The second conclusion I came to after dinner at D'Amico's Italian Market Cafe is that "bustling" and "relaxing" aren't mutually exclusive descriptors for a restaurant environment. The first conclusion was that D'Amico's provides its patrons with painstakingly crafted Italian food and fastidious service at shockingly reasonable prices. But I knew that already.
I've flitted in and out of D'Amico's to try their terrific, stuffed homemade pastas but up until recently I had never lingered. Perhaps some of my hesitance to do so stemmed from the establishments's "market component," which I worried made the environment less suitable for a leisurely meal.
I was wrong. Indeed, on most nights D'Amico's packs a hearty, chatty crowd of diners that includes boisterous families, loquacious couples, and medium-size groups. And, because the dining room is small, space is at a premium, so you're likely to hear snippets of your neighbors' conversation and if you stand in one place too long, you're likely to be in someone's way. In the midst of what some might call "chaos" is some unseen font of soothing energy that makes you feel warm, assured, and completely confident all your needs will be met. You almost don't even need a glass of wine to forget that long day (though teetotaling means you miss out on trying some of their well-priced varietals).
Though tempted by the voluminous antipasto platter, my friend and I opted for the bruschetta and calamari. These starters are mainstays Italian cuisine and while seemingly straightforward in construction, are easy to screw up via less-than-fresh ingredients and ill-timed preparation. D'Amico's nails both, delivering evenly battered, well-seasoned squid that is fried just long enough to produce a crispy yet supple texture and oval toasts bursting with summer flavor thanks to fresh tomatoes, basil, and goat cheese.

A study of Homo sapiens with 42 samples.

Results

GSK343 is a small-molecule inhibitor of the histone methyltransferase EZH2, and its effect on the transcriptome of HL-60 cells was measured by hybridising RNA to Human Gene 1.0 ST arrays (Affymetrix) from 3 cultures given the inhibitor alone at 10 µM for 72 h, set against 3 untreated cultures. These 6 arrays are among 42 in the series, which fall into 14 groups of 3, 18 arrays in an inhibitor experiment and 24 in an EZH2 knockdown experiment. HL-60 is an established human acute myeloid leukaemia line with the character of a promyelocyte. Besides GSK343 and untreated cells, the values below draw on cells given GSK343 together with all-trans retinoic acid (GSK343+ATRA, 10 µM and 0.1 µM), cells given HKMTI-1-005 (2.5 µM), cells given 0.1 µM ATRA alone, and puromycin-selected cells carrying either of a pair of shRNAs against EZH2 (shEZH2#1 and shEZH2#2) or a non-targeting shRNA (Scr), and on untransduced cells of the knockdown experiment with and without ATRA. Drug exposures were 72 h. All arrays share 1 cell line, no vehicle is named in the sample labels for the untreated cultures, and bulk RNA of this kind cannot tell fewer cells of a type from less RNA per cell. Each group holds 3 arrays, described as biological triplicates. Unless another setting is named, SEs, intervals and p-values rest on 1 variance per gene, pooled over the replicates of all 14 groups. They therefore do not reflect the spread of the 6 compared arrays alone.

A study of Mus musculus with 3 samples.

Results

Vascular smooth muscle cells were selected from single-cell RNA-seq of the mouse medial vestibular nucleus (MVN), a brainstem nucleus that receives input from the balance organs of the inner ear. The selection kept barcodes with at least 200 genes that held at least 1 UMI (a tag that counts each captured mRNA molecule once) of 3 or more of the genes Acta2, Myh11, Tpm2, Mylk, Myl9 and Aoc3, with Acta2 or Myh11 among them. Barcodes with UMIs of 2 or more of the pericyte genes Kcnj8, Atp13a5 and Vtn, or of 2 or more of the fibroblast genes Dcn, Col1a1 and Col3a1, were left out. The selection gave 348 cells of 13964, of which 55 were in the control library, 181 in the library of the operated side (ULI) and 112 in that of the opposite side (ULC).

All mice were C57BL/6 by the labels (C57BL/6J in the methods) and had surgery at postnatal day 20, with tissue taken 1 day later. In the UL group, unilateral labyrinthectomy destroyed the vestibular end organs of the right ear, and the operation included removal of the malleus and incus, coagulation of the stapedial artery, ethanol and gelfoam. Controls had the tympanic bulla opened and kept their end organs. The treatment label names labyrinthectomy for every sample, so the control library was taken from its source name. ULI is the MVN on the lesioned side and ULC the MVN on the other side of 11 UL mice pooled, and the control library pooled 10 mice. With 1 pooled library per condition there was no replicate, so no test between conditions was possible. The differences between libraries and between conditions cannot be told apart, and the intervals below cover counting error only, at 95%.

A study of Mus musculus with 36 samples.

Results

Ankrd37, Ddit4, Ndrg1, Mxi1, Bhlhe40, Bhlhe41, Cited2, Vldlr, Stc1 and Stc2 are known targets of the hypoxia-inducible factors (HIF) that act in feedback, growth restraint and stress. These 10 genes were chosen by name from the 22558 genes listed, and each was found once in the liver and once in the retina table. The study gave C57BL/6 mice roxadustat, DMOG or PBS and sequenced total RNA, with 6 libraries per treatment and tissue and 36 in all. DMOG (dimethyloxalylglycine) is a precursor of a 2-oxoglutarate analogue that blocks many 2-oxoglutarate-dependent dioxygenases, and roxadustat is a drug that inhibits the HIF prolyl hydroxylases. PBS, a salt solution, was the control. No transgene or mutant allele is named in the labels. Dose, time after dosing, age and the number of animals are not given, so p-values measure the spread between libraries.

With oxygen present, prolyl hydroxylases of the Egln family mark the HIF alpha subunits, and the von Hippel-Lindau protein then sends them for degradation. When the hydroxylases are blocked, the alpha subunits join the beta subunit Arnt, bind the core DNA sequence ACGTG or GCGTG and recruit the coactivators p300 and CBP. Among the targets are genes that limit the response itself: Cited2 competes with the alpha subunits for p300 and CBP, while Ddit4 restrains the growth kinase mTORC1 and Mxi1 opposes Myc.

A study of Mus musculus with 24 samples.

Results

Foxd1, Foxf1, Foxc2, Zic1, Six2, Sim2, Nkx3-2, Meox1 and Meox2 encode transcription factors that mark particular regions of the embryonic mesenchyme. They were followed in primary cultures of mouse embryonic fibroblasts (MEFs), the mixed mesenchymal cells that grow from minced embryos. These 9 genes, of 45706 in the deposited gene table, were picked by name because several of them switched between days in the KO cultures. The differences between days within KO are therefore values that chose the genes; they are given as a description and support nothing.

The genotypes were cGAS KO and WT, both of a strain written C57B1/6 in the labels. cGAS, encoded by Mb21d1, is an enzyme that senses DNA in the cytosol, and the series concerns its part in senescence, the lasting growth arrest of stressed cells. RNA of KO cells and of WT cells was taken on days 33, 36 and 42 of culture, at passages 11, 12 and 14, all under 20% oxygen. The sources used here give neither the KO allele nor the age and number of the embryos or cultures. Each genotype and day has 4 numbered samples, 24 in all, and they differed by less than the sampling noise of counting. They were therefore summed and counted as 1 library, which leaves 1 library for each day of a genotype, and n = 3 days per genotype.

compulsive repetitive tendencies traditions and instead decided to share a Nash pizza, the chicken braciolentini, and the asparagus penne.
I generally prefer traditional red sauce and mozzarella pies and therefore was pleasantly surprised to find myself very much enjoying the Nash pizza layered with pesto, chicken, and artichokes with a pleasurable faint piquant note thanks to a spritz of lemon juice. It was a filling yet light main course that was perfect for summer. The asparagus penne was similarly refreshing, combining al dente ribbed noodles, sweet tomatoes, diced asparagus, and garlic.
If there had to be a winner in the entree competition, however, the chicken braciolentini would secure the top prize. Although its rich components make it rather unorthodox summer fare, I couldn't help keep returning for forkfuls of the seared chicken stuffed with spicy sausage and spinach. The accompanying lemon brown butter sauce imbued the already juicy poultry with a lovely fatty savoriness as well as provided a medium for dipping slices of the complimentary Italian bread.
Like most customers at D'Amico's that evening, my dining companion and I spoke in tones far above a whisper but our and others' boisterous chatter made the dining room seem like one giant family party. Except missing was the undercurrent of stress that often runs in get-togethers with real family and in its place great food and the delicious knowledge you don't have to do the dishes.